Viking Corporation (Greenwood, MS, U.S.) has introduced a line of professional induction cooktops, a new cooking category for the high-end appliance maker.
Induction cooking technology involves elements that generate a high frequency alternating current magnetic field. This magnetic field reacts with the ferrous metal in the cookware, resulting in an instantaneous transfer of heat to the cooking vessel and its contents. This instant response and resulting cooking performance is much like that of gas burners preferred by professional chefs. Because the heat energy is transferred directly to the cooking vessel, the cooktop surface remains cool to the touch, thus providing superior cooking performance while being highly energy efficient.
"We have been researching the technology behind induction cooking for years," said Liston Durden, Viking senior vice president of Marketing. "We are now able to offer consumers the most technologically advanced cooking systems with Viking induction cooktops."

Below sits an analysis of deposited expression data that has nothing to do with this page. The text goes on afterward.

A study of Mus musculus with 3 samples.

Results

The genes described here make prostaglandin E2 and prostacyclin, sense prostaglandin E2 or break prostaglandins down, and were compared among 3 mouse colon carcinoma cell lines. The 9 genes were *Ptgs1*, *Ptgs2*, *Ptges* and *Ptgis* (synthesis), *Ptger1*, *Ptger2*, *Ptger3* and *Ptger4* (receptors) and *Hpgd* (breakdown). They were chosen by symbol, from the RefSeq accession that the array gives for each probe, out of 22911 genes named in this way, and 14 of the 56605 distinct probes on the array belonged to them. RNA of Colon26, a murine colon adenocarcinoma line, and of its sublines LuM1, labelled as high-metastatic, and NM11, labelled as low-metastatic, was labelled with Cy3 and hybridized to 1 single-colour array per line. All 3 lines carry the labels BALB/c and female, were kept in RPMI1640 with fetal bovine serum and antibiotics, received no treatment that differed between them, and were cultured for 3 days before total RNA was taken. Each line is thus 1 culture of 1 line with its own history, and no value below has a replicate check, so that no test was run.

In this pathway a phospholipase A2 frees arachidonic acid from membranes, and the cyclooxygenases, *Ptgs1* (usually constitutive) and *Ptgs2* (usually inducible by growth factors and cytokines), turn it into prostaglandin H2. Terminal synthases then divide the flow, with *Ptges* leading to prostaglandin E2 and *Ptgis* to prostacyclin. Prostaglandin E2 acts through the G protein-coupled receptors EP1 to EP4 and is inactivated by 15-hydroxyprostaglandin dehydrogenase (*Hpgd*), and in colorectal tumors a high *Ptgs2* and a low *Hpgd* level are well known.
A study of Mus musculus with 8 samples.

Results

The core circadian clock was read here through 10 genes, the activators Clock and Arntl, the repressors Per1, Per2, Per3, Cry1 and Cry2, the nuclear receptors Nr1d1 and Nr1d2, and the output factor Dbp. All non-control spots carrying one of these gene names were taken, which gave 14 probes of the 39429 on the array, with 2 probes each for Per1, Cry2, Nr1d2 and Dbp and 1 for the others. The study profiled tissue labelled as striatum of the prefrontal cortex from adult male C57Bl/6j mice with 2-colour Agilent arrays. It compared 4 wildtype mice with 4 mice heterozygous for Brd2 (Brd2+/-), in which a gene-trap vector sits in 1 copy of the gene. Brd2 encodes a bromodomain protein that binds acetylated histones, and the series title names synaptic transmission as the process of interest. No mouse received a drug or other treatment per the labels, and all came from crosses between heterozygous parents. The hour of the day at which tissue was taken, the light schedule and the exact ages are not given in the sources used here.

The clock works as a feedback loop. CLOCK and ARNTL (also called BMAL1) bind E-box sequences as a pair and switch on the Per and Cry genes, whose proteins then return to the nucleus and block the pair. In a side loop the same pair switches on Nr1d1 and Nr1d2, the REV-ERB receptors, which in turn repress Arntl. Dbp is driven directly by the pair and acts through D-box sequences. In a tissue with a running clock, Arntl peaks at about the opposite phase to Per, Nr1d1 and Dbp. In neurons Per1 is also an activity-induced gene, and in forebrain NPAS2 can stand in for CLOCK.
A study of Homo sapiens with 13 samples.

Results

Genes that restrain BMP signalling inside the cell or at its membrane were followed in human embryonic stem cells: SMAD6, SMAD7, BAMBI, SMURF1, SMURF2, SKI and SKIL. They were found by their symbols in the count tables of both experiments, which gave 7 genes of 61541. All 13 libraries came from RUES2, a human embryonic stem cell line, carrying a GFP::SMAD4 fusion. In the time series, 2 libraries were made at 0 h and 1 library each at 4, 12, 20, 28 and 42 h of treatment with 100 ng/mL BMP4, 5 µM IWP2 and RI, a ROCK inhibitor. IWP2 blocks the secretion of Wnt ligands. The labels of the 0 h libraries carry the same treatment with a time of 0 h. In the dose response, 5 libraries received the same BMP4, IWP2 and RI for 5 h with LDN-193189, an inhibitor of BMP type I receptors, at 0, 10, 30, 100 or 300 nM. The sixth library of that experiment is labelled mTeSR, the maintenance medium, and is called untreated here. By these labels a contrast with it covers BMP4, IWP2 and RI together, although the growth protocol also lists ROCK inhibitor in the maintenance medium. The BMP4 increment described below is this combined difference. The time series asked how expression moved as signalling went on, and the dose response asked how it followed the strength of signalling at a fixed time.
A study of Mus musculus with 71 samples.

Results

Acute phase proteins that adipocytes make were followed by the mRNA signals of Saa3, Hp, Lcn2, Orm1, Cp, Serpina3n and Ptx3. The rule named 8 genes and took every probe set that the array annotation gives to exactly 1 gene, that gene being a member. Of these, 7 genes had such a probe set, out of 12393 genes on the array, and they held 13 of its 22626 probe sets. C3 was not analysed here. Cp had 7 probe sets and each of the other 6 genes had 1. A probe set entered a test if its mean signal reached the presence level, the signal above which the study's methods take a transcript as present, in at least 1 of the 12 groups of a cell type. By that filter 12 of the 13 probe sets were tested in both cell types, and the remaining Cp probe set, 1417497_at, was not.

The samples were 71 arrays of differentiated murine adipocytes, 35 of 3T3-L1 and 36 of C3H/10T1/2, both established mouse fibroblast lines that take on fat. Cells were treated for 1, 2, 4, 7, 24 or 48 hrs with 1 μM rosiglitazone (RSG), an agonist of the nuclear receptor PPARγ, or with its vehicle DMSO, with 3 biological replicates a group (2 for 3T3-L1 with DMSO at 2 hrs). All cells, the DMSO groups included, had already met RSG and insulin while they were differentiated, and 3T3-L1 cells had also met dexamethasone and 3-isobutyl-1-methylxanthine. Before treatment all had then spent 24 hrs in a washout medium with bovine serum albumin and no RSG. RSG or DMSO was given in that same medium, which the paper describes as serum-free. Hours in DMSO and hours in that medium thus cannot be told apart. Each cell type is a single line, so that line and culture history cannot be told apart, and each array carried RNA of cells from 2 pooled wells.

The new induction cooktops are said to offer energy efficiency of more than 90 percent, reducing the amount of heat generated because power is only drawn when cookware is on the element. Viking is offering models in 30- and 36-in widths. Consumers may also choose models that combine the MagneQuick(TM) induction element and the QuickCook(TM) radiant glass ceramic cooking surfaces on 30- and 36-in models cooktops; these units provide two QuickCook electric radiant heat ribbon elements and two MagneQuick induction elements on the 30-in models and four QuickCook electric radiant heat ribbon elements and two MagneQuick induction elements on the 36-in models.
Viking also said that its cookware line, introduced 3 years ago, is completely compatible with the new Viking induction cooktops. According to the company, the cookware was specifically designed to include a layer of ferrous metal that is suitable for use on induction cooking surfaces as well as all other electric cooking elements and gas burners.